How to Write Lyrics to a Rap or Hip Hop Song

Are you an aspiring rapper looking to make a smash hit? Are you ready to surpass the footsteps of 2Chainz, SouljaBoy Tellem, Well then, you're in the right spot.


Prepare your mind to deliver your lyrics title for your song. The subject may be something that has recently happened, something that has happened in the past, something your thinking about. It may be a dance type of a song, a song where you talk about yourself, or it may even be something that has happened in a dream. You, of course, want the title to match the subject of your song(sometimes that may not work). If you can't think of one, write the rap out first, then choose an appropriate title.
  1. 2
    Think up a hook/chorus for your song. It can range from something very deep to something that's just catchy.
  2. 3
    Find the beat for your song and make sure the hook goes with the beat and is put in the right places. Make sure that the beat you choose is one you're comfortable with. (For example, if you can't rap very fast, you don't want to choose a very fast beat because you won't be able to rap to it without losing your breath or stuttering and it won't sound good).
  3. 4
    Start writing the verses to your song. Traditionally a rap song has 2-4 verses and each is 8, 12 or 16 bars long but you will need to see how many verses and bars your beat has to make it fit right. Writing the lyrics to a verse ranges from the type of rap artist you are. If you use a lot of punchlines (metaphors in rap music)you might want to think of the punchline first and then think of the word that comes before it (so if the punchline was "I'm stepping over competition so expect to be trampled" Think first of any line that would rhyme with that and my final result being "they see me in the booth so they know they should scramble/ I'm steppin' over competition so expect to be trampled"). If you're a rapper that raps with a lot of flow you may want to have every bar end with the same amount of syllables or almost the same amount of syllables. If you're a rapper that raps fast you may want to have little rhyming words in every bar like " the industries gettin' clean and I've seen what them hatas mean/ if you thought I was lettin' up setting up the terrain was dreamed". If you're a rapper that raps about stories you can have the first verse your intro, your second verse your problem, and your last verse your conclusion(you may have to change that if your song has more or less than 3 verses)
  4. 5
    Remember that you always want creativity in your music and you never want to go with radio or anyone else when you're writing your song. Make sure you mean every word and every word comes from your soul. Some rappers, such as myself, say that you don't write about a specific thing. Let the music come to you. To start writing good lyrics, you should throw on a beat that juices your brain and you automatically start thinking of some insane rhymes. It's all about the state of mind.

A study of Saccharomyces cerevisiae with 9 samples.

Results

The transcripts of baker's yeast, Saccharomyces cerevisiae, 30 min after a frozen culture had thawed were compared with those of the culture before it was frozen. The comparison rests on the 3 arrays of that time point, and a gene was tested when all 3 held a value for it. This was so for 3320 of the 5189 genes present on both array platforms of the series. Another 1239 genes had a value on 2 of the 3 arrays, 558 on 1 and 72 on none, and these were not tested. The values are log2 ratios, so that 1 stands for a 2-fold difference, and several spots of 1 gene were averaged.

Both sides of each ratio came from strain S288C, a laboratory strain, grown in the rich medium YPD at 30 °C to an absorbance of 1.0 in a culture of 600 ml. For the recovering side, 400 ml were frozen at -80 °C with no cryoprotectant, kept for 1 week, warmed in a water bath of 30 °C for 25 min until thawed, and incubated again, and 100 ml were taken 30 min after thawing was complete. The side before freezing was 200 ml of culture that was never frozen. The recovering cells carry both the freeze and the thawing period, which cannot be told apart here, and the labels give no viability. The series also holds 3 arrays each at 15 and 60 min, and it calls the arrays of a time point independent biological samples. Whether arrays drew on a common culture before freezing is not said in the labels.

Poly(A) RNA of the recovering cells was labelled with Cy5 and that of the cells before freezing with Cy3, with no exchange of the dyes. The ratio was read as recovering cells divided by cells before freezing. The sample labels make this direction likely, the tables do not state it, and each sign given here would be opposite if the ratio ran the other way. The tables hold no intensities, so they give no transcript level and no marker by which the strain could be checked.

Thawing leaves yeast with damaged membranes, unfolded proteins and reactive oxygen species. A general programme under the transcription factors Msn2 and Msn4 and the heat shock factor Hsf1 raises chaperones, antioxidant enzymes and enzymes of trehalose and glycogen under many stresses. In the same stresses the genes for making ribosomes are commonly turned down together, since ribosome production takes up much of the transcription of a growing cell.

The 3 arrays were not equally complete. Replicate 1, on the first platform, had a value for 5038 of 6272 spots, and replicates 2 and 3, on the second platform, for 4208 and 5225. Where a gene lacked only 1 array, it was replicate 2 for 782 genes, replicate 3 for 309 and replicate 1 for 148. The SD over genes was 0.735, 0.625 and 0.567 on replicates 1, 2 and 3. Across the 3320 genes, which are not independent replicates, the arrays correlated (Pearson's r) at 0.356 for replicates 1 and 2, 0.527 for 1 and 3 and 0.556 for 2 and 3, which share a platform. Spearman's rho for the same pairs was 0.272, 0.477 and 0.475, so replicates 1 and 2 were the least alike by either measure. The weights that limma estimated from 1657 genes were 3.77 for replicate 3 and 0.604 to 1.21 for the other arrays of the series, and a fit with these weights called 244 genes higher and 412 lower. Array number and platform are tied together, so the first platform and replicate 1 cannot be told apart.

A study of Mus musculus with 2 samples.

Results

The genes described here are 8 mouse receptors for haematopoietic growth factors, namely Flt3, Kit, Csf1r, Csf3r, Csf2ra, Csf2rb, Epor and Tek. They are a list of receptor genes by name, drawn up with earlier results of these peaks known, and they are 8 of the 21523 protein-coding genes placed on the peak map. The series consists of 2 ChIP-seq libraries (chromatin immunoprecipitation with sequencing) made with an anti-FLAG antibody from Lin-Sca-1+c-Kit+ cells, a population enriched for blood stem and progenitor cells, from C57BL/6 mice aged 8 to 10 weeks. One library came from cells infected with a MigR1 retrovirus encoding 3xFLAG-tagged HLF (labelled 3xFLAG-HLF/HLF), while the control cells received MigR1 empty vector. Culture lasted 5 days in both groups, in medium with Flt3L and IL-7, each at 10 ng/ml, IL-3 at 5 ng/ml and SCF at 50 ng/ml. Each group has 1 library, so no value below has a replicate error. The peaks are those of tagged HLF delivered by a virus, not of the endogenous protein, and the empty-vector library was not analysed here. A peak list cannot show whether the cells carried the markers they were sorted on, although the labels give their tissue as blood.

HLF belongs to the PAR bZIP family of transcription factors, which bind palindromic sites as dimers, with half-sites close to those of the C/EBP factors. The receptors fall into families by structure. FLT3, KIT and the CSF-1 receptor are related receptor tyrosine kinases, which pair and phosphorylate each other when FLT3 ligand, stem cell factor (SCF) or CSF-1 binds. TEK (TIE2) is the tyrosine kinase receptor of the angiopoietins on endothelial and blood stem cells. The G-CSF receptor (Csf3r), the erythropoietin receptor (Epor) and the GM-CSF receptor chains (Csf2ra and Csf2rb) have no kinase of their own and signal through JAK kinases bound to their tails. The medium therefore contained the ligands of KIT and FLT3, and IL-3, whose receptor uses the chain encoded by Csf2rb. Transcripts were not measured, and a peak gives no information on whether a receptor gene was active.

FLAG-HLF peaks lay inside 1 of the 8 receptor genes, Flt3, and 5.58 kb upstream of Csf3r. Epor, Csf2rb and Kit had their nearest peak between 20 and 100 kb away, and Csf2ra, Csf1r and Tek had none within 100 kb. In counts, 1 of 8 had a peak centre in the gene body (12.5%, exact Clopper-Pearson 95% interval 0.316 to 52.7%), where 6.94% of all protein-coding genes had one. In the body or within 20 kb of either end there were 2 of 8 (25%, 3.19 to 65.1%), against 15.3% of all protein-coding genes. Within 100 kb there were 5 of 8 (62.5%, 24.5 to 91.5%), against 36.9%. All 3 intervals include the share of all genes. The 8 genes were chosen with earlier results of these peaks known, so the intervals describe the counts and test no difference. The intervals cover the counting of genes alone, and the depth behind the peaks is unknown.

5. Breakdown

  • 1
    Come up with a title to rap about. The title is very important so, if you forget the topic, you'll remember it.
  • 2
    Do the Intro. This is the part where you tell the name of the song, short thing about it, your artist name, year, and album.
  • 3
    Come up with the chorus. The chorus explains out what you like or hate about your topic. You don't have to do a x2 thing unless the chorus is real short. The x2 gives it length! Make sure you have a chorus after each verse.
  • 4
    Understand the verse. There is usually 3 verse and a mid8 or Breakdown between the chorus after verse 2. After the mid8, there is another chorus, then verse 3.
  • 5
    Do the Mid8. This is your chance to get away from the beat of the rest of the song, though you have to jump back after the Mid8 is done. Just don't get off topic and make your song sound bad. Remember, Chorus and Verse3 come after this, then the outro!
  • 6
    Come up with an outro. Here, the beat fades away slowly but is gone before you finish your speaking. Not every song has an outro, but most do. Here you say something, say the title again (maybe a few other word with it), and give some sort of closing. It can go off topic because who cares, it's the end of the song! Just don't go to far off though. "Lollipop" by Lil' Wayne has an outro, though it don't seem like it. At the end it's like "... Shawty say i lo,lo, lo, look like a lollipop(X2)..." Then before the last 3 times it goes "... I say he so sweet, make her wanna lick the wrapper, so I let her lick the wra a per!" This is very on topic, though he repeats the intro.